Officers Weapons

Gun sales and concealed-carry permit applications have spiked throughout Washington following the tragic Sept. 23 shooting that left five dead at the Cascade Mall in Burlington.

“It’s a common reaction to a mass shooting.” Anacortes Police Chief Bonnie Bowers said in a statement.

In the days following the shooting, Chief Bowers department handled about eight times the concealed-carry permit applications than normal. She said many applicants were applying due to concerns over the mall shooting.

At the same time, the Sedro-Woolley Police Department tied a department record for most applications received in one day at 12, Chief Lin Tucker said. “That’s through the roof,” Tucker said.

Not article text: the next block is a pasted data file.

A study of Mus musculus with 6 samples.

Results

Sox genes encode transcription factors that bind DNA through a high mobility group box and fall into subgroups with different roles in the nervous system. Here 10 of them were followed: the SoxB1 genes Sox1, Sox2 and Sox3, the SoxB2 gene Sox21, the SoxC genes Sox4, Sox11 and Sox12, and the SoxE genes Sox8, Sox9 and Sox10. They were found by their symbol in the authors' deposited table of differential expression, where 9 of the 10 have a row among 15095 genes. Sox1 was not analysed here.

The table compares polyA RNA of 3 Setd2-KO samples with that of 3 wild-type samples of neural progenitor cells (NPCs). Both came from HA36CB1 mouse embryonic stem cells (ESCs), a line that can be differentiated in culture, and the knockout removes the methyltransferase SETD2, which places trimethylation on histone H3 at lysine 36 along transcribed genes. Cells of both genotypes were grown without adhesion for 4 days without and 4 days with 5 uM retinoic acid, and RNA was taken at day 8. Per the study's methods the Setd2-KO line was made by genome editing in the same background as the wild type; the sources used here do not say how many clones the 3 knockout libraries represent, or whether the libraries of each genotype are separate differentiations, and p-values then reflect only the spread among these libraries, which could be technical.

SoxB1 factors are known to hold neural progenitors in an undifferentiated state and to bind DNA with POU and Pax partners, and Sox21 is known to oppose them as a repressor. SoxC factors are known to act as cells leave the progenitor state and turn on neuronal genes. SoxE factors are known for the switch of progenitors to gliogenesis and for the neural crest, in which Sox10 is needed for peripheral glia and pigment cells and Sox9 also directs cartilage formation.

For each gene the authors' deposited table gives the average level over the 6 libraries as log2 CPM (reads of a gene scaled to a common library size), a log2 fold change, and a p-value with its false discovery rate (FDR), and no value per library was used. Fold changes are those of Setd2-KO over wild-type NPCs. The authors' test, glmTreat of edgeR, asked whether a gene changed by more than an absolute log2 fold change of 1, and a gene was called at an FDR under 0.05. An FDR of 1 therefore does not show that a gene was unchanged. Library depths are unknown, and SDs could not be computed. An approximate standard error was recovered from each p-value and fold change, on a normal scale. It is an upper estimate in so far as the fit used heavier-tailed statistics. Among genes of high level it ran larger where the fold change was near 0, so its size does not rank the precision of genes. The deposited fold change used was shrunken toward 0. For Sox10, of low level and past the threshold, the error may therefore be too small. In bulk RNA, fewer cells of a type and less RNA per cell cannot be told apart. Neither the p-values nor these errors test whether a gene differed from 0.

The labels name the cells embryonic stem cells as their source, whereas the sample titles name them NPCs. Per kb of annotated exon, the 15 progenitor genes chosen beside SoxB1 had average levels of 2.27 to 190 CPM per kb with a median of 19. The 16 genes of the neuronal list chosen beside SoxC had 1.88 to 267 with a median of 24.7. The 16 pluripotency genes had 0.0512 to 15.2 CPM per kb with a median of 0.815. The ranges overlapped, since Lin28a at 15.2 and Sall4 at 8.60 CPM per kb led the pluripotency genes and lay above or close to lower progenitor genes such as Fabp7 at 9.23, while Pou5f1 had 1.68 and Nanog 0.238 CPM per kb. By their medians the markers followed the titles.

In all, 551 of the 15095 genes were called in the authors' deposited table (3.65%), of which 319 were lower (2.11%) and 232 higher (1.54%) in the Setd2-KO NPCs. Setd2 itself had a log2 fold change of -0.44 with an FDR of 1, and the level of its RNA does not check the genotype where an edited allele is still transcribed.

The Mount Vernon Police Department’s number jumped to 13 for the last week of September after having one application the week before. While Burlington itself has had 13 applications since the shooting after having just one application for the first three weeks of September.

Mary Parker, of Anacortes, applied for a concealed-carry permit last week, stating “I want to make sure it would never happen to me and that if it did, I would be prepared,” Parker said. “I want to be in a place where I will never be afraid.”

Sheriff Bonnie Bowers said she has no qualms with people buying firearms, but said that gun responsibility is important and that to get a concealed-carry permit, residents must visit their police department.

The process that new applicants will go through includes a background check, being fingerprinted, and paying a fee. It then takes about 30 days to receive the permit.